Crisis Prevention and Intervention

People who have sustained a brain injury can often be combative as they reorient to the world around them and become aware of their deficits.

If a behavioral crisis situation does occur, staff should be equipped with techniques to calm the client, decreasing the likelihood of injury to himself and others.

The Assault Cycle

Each client has specific responses to stress that can be recognized as predictable patterns. These patterns can be divided into five separate phases: triggering event, escalation, crisis, recovery, and post-crisis depression. This is known as the assault cycle. The triggering event is any stimulus that exceeds the client's tolerance for stress. For example, demands for compliance. Any prevention techniques have to occur before the triggering event. The escalation stage is characterized by increasing levels of agitation. De-escalation techniques are used during this phase to try to help the client return to normal levels of behavior. The crisis stage is characterized by the client becoming combative. At this point, physical intervention may be necessary. During the recovery phase, the client's level of activity is decreasing. Post-crisis depression is characterized by activity that falls below normal levels. The client may require a rest, or less active tasks, until he recovers.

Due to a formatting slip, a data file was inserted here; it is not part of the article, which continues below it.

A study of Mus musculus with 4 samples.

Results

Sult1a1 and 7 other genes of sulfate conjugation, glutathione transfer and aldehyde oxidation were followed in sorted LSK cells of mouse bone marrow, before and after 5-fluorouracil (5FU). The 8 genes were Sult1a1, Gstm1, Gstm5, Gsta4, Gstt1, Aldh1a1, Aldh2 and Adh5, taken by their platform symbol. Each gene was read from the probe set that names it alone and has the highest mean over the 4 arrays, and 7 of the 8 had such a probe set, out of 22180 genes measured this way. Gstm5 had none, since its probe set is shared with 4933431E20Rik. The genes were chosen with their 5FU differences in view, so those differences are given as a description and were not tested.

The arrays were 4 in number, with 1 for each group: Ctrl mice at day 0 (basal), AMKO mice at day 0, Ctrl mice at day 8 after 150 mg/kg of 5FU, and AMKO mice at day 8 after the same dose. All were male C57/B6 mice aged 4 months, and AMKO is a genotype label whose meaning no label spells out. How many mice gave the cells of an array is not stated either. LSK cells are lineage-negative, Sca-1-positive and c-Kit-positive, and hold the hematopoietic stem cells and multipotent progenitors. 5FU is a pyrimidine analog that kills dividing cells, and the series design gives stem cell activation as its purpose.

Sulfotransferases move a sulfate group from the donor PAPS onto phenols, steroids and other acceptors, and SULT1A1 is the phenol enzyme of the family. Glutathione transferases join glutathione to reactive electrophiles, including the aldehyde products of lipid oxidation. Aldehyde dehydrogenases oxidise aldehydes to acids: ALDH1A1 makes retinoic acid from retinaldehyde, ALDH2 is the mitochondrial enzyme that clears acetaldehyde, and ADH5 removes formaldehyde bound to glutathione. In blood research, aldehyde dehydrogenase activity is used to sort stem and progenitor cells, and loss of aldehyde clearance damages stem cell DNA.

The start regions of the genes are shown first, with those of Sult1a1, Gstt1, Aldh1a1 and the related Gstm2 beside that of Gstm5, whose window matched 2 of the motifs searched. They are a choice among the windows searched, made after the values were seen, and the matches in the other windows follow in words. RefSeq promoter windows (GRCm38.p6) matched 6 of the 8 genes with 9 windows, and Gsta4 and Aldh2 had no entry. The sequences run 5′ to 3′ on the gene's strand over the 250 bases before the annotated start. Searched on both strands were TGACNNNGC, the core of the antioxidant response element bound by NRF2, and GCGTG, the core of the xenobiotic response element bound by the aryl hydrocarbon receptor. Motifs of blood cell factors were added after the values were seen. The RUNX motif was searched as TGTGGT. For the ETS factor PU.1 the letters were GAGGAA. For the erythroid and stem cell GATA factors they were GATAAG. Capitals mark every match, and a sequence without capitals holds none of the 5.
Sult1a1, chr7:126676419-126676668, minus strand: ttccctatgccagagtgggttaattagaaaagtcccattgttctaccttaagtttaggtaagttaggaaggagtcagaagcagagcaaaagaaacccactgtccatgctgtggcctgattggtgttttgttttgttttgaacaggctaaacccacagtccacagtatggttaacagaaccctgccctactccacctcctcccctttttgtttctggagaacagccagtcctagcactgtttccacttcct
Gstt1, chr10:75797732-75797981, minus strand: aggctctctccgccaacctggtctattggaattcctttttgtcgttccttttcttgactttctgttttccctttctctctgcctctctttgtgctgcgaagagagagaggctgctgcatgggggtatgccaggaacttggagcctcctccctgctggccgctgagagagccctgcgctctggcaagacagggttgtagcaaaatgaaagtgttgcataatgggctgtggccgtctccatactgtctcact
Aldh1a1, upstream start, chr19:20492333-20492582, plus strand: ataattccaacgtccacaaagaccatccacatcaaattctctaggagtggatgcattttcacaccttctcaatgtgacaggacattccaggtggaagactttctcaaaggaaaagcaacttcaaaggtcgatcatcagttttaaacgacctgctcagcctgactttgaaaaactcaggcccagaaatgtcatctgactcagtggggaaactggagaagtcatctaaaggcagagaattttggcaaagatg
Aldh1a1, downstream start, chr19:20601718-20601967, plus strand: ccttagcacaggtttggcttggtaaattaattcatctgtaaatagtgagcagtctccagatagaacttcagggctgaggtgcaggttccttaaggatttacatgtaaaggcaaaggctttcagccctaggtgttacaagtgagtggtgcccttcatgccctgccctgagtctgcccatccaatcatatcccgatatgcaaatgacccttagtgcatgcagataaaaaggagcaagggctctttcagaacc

There are many techniques for preventing a crisis situation or intervening once it has started.

Monitor body posture, tone of voice, content of speech, and use of gestures. To prevent a crisis situation, increase rest time, keep the environment simple, keep instructions simple, give feedback and set goals, stay calm and redirect, provide choices, decrease the person's chance of failure, vary type of activities, over-plan, and use task-analysis.

Once the escalation phase has begun, staff responses change from prevention to intervention. Some of the most effective de-escalation techniques include active listening, orientation to time and place, setting limits, redirection, and withdrawal of attention. Active listening incorporates a variety of listening skills, such as paraphrasing, clarifying, and perception checking.

Orienting a client to the time, location, and to whom he is with, can sometimes help to calm the individual.

Setting limits can be useful for clients who are trying to intimidate by threatening behavior. Staying calm and redirecting a client to another task or activity can also interrupt the escalation phase.

Withdrawal of attention is usually more effective with manipulative types of behavior.